UN Yemen envoy indicates new truce may be agreed
Despite a six-month UN-brokered truce ending in October, fighting has not escalated, giving hope that it could be resurrected.
The prospects of a renewed truce in Yemen have grown, according to the United Nations special envoy for Yemen, as regional and international diplomatic activity to end the country’s eight-year conflict intensifies.
Hans Grundberg, addressing a UN Security Council briefing on Monday, more than three months after an initial truce pact expired, said there had been “a potential step change” in the conflict’s trajectory, though the situation remained “complex and fluid”.
Grundberg, a Swedish diplomat who has served in his position since 2021, urged the warring parties to work towards “a shared vision” with concrete steps to restore peace to the Arab world’s poorest nation.
A UN-backed truce initially took effect in April 2022 and raised hopes for a longer pause in fighting, but it ended on October 2 after just six months, after the Houthi rebels, who control the capital, Sanaa, and much of northern Yemen, refused to agree to a further extension.
Along with a stop to the fighting, last year’s truce deal allowed some fuel shipments into Houthi-held Hodeidah port and commercial flights from Sanaa, but it did not lift a partial Houthi blockade on the central city of Taiz, a primary goal for the government.
Despite the absence of a truce extension, fighting has not escalated.
“The overall military situation in Yemen has remained stable,” Grundberg told the UNSC. “There has been no major escalation nor changes in the disposition on the front lines.”
“However we continue to see some military activity in particular along the front lines … these military activities have regrettably, also resulted in civilian casualties.”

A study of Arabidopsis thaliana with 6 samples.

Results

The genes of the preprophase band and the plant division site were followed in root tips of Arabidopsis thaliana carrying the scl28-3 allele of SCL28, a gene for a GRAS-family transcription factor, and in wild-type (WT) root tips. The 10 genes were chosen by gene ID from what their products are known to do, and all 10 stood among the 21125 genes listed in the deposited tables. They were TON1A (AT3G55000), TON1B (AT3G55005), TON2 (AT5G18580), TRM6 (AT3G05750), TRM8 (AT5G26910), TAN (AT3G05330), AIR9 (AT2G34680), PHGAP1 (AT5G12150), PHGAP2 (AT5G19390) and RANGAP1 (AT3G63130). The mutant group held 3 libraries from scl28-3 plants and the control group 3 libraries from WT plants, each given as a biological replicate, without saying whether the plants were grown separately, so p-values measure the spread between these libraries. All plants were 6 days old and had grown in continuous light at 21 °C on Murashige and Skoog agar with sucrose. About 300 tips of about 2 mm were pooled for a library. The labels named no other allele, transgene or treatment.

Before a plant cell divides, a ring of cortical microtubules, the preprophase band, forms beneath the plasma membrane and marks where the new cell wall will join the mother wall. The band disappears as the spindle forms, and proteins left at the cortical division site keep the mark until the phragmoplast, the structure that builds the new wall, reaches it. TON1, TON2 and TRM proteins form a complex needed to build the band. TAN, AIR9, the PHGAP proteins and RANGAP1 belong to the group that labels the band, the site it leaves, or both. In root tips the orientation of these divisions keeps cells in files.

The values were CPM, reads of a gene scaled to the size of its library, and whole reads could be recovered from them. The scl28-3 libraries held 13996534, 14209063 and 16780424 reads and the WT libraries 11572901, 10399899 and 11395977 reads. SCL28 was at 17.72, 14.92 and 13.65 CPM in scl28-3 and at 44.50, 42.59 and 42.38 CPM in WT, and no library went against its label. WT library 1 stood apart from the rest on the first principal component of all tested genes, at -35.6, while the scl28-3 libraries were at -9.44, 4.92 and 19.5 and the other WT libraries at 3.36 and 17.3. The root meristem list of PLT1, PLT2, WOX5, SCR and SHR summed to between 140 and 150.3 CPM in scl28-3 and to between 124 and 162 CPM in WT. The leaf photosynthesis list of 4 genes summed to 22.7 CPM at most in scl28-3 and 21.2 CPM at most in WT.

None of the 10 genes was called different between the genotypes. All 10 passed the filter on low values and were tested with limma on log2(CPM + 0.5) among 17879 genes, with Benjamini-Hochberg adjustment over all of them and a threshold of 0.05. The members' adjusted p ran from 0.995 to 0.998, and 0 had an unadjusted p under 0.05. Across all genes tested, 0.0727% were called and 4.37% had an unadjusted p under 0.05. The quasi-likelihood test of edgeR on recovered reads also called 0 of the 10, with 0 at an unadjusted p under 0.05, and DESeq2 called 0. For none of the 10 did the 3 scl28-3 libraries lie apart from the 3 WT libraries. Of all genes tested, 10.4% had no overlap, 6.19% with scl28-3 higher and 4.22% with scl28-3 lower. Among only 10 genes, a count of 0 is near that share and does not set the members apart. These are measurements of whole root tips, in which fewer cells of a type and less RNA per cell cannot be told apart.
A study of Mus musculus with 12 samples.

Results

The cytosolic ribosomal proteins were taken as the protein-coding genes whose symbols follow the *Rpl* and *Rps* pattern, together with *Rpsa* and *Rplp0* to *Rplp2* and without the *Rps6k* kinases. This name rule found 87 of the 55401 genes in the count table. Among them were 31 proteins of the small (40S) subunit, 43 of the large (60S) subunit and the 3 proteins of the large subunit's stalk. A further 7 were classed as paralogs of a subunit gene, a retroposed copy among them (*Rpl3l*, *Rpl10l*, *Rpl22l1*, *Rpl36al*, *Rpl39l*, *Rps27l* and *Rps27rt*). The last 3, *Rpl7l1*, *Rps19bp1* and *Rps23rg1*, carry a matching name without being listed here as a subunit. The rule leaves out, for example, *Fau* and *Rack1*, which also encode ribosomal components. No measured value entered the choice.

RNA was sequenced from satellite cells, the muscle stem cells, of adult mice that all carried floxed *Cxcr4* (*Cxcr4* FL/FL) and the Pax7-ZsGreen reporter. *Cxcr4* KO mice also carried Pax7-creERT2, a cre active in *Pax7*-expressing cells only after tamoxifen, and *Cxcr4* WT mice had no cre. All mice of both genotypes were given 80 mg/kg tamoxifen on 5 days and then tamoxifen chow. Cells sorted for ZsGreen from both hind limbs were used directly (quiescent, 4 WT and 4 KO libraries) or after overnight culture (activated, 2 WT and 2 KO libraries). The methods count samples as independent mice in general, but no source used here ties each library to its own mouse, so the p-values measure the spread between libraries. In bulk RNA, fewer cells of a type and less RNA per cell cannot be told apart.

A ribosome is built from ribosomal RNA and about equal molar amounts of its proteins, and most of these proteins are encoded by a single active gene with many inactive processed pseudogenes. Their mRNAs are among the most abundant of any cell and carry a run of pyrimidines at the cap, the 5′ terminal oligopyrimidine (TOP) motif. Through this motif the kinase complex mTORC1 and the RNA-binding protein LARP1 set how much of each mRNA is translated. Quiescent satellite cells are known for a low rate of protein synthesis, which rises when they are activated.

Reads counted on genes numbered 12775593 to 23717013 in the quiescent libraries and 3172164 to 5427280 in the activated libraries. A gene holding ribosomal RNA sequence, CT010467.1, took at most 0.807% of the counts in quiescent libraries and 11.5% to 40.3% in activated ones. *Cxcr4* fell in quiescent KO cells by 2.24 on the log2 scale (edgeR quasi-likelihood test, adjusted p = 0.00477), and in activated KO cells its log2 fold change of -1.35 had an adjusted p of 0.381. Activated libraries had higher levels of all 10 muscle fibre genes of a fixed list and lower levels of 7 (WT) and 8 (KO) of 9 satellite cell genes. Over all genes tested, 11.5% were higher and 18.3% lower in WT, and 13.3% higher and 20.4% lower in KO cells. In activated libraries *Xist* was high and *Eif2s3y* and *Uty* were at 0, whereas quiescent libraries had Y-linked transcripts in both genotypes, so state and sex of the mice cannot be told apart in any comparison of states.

The UN is now pushing for an extended and broader deal encompassing a mechanism to pay public sector wages.
The Iran-allied Houthis and the Saudi-backed Yemeni government disagree on who should be paid however, with the government saying that payments should only be made to those in Houthi-controlled areas serving as civil servants before the Houthi takeover. The Houthis want the payments to be made according to the payrolls they have updated.
The Houthis seized Sanaa and much of northern Yemen in 2014, eventually forcing the government into exile.
A Saudi-led coalition, including the United Arab Emirates, militarily intervened in 2015 to try to restore the internationally recognised government to power, launching an air strike campaign.
More than 150,000 people have been killed, including 14,500 civilians.
No ‘piecemeal approach’
Grundberg, speaking from Sanaa where he is meeting the Houthi leadership, thanked Saudi Arabia and Oman for their diplomacy and said discussions in the past month have developed “options for mutually acceptable solutions to outstanding issues”.
However, he advised against a “piecemeal approach” focused on individual needs, saying talks on short-term steps should be part of a broader approach towards a sustainable resolution of a multifaceted conflict in which several parties are vying for power.
The UN envoy said “escalatory political and economic measures” could reignite violence.
UN humanitarian chief Martin Griffiths, who was Grundberg’s predecessor as envoy to Yemen, was also present at the meeting, and echoed his successor, saying the new year “brings a genuine opportunity to move the political process forward”.
“The international community – and more importantly the parties to the conflict – must not let this chance go to waste,” he said.
But Griffiths said he feared 2023 would be “another extremely difficult year” with an estimated 21.6 million Yemenis needing humanitarian assistance “as the country’s economy continues to weaken and basic services hang by an ever-thinning thread”.
Griffiths called on the international community to support the UN’s humanitarian appeal and to redouble efforts to boost Yemen’s economy.
The head of the Houthi Supreme Political Council, Mahdi al-Mashat, said in remarks on Houthi-run media on Monday that talks with an Omani negotiating team were positive and, departing from past rhetoric, stressed the movement’s desire for regional stability.